Uranium Week: Ups And Downs

Weekly Reports | Sep 17 2019

Last week was a volatile one in the spot uranium market, for little end result.

-Global support of nuclear energy growing
-IEAE projections released
-Volatility in spot market

By Greg Peel

The importance of nuclear energy for the transition toward a clean and affordable energy system was highlighted at the 24th World Energy Congress in Abu Dhabi this week, industry consultant TradeTech reports. During a nuclear industry panel, Mohamed Al Hammadi, CEO of Emirates Nuclear Energy Corp, noted that nuclear technologies are "proven, economically viable, safe, and clean."

In Asia, Japan's new industry minister said that exiting nuclear power is unrealistic. “There are risks and fears about nuclear power,” Industry Minister Isshu Sugawara told reporters. “But ‘zero-nukes’ is, at the moment and in the future, not realistic,” he added. South Korea and the United Arab Emirates hope to gain projects to build new nuclear capacity. This week, South Korea's Ministry of Trade, Energy, and Industry and the UAE agreed to work together on securing new reactor projects overseas.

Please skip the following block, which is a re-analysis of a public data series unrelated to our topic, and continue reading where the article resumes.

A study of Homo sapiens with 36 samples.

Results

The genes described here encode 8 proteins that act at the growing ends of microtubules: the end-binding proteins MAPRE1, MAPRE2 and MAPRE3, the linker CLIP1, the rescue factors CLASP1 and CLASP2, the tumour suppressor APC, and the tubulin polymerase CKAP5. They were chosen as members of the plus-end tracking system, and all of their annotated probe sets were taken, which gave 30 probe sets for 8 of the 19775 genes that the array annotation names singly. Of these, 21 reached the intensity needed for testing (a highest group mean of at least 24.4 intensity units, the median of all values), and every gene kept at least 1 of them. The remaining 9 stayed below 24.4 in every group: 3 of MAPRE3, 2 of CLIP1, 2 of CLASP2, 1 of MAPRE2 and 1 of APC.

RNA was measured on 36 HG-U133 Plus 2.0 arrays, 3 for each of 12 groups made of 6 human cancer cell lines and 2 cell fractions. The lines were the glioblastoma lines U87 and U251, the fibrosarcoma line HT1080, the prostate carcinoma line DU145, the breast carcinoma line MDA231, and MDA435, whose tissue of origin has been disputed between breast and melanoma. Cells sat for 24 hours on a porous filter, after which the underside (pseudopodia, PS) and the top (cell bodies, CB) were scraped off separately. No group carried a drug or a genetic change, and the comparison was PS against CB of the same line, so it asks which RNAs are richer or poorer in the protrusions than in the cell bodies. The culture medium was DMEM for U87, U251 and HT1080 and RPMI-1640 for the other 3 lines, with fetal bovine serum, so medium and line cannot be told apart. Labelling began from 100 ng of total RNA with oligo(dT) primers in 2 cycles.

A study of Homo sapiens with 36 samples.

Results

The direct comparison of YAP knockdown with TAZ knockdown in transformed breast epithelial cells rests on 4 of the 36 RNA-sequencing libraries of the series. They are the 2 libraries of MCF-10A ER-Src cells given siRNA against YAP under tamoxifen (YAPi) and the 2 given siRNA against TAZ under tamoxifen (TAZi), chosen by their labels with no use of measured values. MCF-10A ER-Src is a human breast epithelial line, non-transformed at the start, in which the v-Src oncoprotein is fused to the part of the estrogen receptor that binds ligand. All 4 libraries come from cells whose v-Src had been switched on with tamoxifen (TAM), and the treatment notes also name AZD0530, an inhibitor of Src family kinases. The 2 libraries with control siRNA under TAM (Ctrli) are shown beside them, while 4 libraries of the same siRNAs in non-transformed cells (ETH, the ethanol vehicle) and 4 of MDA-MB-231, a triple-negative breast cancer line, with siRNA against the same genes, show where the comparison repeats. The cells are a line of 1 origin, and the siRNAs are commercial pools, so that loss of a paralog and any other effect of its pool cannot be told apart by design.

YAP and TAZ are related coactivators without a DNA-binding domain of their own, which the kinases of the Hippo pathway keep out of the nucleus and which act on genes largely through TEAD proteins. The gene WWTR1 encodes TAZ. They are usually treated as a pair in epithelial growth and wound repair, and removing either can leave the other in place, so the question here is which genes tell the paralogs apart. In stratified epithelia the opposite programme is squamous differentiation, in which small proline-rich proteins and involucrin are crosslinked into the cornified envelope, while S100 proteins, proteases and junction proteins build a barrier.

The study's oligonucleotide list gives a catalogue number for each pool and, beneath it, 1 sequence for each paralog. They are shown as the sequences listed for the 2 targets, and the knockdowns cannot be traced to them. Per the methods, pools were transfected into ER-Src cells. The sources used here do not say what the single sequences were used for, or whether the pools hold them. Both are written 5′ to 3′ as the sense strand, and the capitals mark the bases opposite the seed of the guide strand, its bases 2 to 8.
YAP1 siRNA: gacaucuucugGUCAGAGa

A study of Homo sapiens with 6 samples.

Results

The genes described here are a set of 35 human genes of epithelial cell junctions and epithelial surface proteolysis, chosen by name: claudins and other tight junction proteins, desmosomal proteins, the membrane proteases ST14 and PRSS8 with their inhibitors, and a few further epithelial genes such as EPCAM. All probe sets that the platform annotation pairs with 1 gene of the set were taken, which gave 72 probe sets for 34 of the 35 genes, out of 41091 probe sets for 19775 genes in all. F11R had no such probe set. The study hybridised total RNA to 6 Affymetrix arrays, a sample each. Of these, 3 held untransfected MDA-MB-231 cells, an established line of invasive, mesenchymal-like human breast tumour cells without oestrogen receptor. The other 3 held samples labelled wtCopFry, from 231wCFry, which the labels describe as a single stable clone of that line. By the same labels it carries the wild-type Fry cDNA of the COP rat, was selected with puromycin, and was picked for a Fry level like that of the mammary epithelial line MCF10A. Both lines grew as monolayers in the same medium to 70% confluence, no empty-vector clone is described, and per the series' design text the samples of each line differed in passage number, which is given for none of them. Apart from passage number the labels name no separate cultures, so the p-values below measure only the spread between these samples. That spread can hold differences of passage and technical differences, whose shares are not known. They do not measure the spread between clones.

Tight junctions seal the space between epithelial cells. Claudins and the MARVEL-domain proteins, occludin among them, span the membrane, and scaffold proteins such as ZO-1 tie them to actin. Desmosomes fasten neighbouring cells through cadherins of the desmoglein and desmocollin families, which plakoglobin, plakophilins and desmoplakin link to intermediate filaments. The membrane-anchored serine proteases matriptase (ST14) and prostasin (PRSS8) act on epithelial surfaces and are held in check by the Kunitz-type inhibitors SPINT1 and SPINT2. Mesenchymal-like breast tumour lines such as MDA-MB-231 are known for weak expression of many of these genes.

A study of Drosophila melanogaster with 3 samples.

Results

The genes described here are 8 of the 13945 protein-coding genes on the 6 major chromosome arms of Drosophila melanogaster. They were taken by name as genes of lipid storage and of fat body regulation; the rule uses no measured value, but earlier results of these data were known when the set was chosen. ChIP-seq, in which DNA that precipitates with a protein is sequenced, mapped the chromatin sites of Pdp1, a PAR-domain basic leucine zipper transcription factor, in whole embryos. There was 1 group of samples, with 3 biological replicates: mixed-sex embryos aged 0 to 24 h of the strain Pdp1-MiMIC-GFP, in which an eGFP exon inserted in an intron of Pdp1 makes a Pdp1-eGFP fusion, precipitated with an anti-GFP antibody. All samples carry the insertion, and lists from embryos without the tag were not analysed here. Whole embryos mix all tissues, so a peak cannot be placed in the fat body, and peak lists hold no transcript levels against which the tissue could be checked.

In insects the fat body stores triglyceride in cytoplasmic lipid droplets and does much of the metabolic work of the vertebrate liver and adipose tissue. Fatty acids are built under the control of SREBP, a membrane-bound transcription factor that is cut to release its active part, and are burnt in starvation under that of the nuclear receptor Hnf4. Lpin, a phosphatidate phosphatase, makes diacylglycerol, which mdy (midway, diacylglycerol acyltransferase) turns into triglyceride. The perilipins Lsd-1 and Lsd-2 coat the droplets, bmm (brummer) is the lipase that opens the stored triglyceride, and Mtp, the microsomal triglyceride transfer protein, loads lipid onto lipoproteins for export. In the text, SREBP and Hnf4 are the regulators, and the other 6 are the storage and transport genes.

“Global electricity demand is expected to rise sharply in coming years as countries need more power for development,” said International Atomic Energy Agency (IAEA) Deputy Director General Mikhail Chudakov, head of the Department of Nuclear Energy, on the release of the agency’s new nuclear power projections. He noted that "without a significant increase in the deployment of nuclear power, it will be difficult for the world to secure sufficient energy to achieve sustainable development and to mitigate climate change.” In 2018, nuclear power produced about 10% of the world’s electricity, accounting for approximately one-third of all low-carbon electricity. Presently, the world’s 450 operating power reactors have a near record level of 399.7 GWe total net installed capacity.

IEAE projections see nuclear generating capacity declining by approximately -8% in the low case and increasing by 25% in the high estimate by 2030. By 2050, nuclear capacity is forecast to fall -6% in the low scenario and increased by 80% in the high case.